One of the reasons fronted for the stagnant progress with Startups on the African continent is mainly lack of capital or funding from family, friends or financial institutions. For comparative reasons, consider a report from PricewaterhouseCoopers LLP (PwC) that indicates that Venture capitalists invested $17.5 billion in 1,189 deals in the second quarter of 2015 in the US market. We have no stats for how much was invested on the African continent.
At the recently concluded African Technology Summit, an event organized by MEST, Seedstars World’s CEO Alisee de Tonnac gave insights into the investment landscape in the continent. According to Alisee, inexperience from investors and entrepreneurs on fundraising, lack of competition among investors, lack of standardization are some of the reasons why startups still find it hard to raise capital from family & friends or Venture Capital firms. Here are all the other reasons;
- There is a lack of experience, both from investors and from entrepreneurs on how to run a fundraising process
- Government and tax regulations are still burdensome and disincentivize startup investing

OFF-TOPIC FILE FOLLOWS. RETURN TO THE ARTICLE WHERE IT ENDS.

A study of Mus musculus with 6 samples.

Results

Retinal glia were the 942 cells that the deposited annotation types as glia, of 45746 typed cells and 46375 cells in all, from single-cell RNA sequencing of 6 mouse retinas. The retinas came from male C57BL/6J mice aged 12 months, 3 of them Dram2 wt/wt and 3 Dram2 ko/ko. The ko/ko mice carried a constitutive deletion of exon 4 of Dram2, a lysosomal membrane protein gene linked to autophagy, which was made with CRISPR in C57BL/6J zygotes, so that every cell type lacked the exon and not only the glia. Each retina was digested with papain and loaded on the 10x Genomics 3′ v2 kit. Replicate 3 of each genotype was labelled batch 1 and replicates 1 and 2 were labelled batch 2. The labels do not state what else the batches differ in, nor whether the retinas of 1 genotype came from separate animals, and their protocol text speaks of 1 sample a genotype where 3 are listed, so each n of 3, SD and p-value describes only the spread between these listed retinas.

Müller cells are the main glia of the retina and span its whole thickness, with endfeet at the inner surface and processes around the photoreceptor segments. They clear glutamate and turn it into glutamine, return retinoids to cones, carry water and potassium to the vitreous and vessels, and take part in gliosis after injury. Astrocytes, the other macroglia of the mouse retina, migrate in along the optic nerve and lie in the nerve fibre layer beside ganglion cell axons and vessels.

- There is a lack of competition among investors, lowering valuations and delaying decision times
- Wealthy people still prefer to invest in real estate or other traditional industries with guaranteed returns
- There is a lack of standardization in the fundraising process, making it unnecessary burdensome and lengthy.
Despite the hurdles, there’s been much optimism in the African market especially in the technology sector. Africa has attracted a number of VC firms, incubators, accelerators and innovation hubs that are spread across the continent. For instance in the investment circles, there’s Meltwater entreprenuerial school of technology, Techstars, Omidyar network, 500 startups, Newgen angels. 2015 alone saw some startups raise about $1million in VC investment and they include Paga ($13m), Andela($10m) and Hotels.ng ($1.2m). Here’s a link to the full presentation on Slideshare.